Alex Smith's Giants Cap: $15,000 Fine Could Have Been Much Worse

Categories: Sports
Alex Smith Giants Cap.jpg
Everyone's favorite hometown hero...
Yesterday, 49ers whipping boy-turned-golden boy Alex Smith revealed the National Football League nearly whipped its share of gold out of him. He was threatened with a $15,000 fine for wearing a San Francisco Giants cap during postgame interviews, a move that dates back to last season -- and, yes, warmed the hearts of local fans.

The league backed off on the fine, so this can be considered a Giant admonishment. Still, it's unlikely Smith will be wearing his lucky black-and-orange cap during the 90 minutes following games, when all but officially branded NFL merchandise is verboten.

Now, $15,000 buys a lot of pretzels. It's 15 times the penalty Brian Wilson had to pay for waddling around in orange shoes. But it's also a fraction of the $100,000 fine levied upon Brian Urlacher for donning an unacceptable chapeau.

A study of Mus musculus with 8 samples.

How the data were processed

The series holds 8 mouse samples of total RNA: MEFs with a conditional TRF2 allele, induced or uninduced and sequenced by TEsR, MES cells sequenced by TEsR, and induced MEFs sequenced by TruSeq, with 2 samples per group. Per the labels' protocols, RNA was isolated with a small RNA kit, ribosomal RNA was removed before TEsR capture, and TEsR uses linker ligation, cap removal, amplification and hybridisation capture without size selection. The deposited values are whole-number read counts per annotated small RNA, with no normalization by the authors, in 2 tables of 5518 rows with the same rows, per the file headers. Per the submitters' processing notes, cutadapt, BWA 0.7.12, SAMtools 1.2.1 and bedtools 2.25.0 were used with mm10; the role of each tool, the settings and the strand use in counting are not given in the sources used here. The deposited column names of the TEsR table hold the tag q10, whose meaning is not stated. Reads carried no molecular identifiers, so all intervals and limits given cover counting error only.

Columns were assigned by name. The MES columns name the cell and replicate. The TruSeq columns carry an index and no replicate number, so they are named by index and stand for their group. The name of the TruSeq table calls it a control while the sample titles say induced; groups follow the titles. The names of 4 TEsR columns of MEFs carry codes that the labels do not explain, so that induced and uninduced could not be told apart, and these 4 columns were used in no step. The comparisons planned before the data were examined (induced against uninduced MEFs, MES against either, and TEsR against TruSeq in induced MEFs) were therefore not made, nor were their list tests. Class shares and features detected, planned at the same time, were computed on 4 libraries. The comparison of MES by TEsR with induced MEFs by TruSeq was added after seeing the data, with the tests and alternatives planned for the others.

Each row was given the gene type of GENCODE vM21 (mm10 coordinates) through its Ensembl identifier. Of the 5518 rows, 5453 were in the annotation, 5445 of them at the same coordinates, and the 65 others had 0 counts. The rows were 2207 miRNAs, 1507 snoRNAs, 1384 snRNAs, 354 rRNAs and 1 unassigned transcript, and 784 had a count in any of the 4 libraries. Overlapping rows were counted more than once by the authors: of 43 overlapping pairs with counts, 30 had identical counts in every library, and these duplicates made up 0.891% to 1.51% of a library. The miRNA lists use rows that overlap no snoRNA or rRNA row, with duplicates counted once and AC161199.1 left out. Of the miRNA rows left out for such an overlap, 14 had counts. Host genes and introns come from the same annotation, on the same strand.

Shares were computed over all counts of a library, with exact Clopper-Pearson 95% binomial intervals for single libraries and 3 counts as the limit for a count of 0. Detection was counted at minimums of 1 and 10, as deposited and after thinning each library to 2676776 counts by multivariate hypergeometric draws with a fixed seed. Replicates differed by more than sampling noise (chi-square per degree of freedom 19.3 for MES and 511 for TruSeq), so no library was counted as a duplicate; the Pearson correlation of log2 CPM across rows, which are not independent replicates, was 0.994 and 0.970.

In fact, you'd be surprised at how expensive a sartorial misstep can be for an NFL player:

See also:

San Franciscans Dumbstruck by Alex Smith's VitaminWater Ads

Shaun Hill Named 49ers Starting QB -- On Team of Russian Nesting Dolls

Per the now-defunct website

The NFL collects fines immediately [which are] then returned after an appeal or settlement.

Fines range from $5,000 to $25,000. Wearing a college hat on the field is an example of a $25,000 violation.

Foreign Substances on Body/Uniform is $10,000 or $15,000 (Additional fines may be imposed on team management and coaching staffs for condoning, permitting, etc., violations in this area.)

Other Uniform/Equipment uniform violation is $5,000 or $10,000

 On Field violation fines increase for all playoff games (as of 01/2011): First Offense: $50,000, Second Offense: $75,000

On Field violation fines increase for Pro Bowl (as of 01/2011): $50,000

Super Bowl uniform violation: $100,000. On Field Preseason and Regular Season uniform violation: $10,000 or $20,000. NFL player fine money is split evenly among four organizations: the Brian Piccolo Cancer Fund, the Vincent T. Lombardi Cancer Research Center, ALSO Neuromuscular Research Foundation and the NFLPA Player Assistance Trust.

The real question is: When will the NFL prosecute this guy?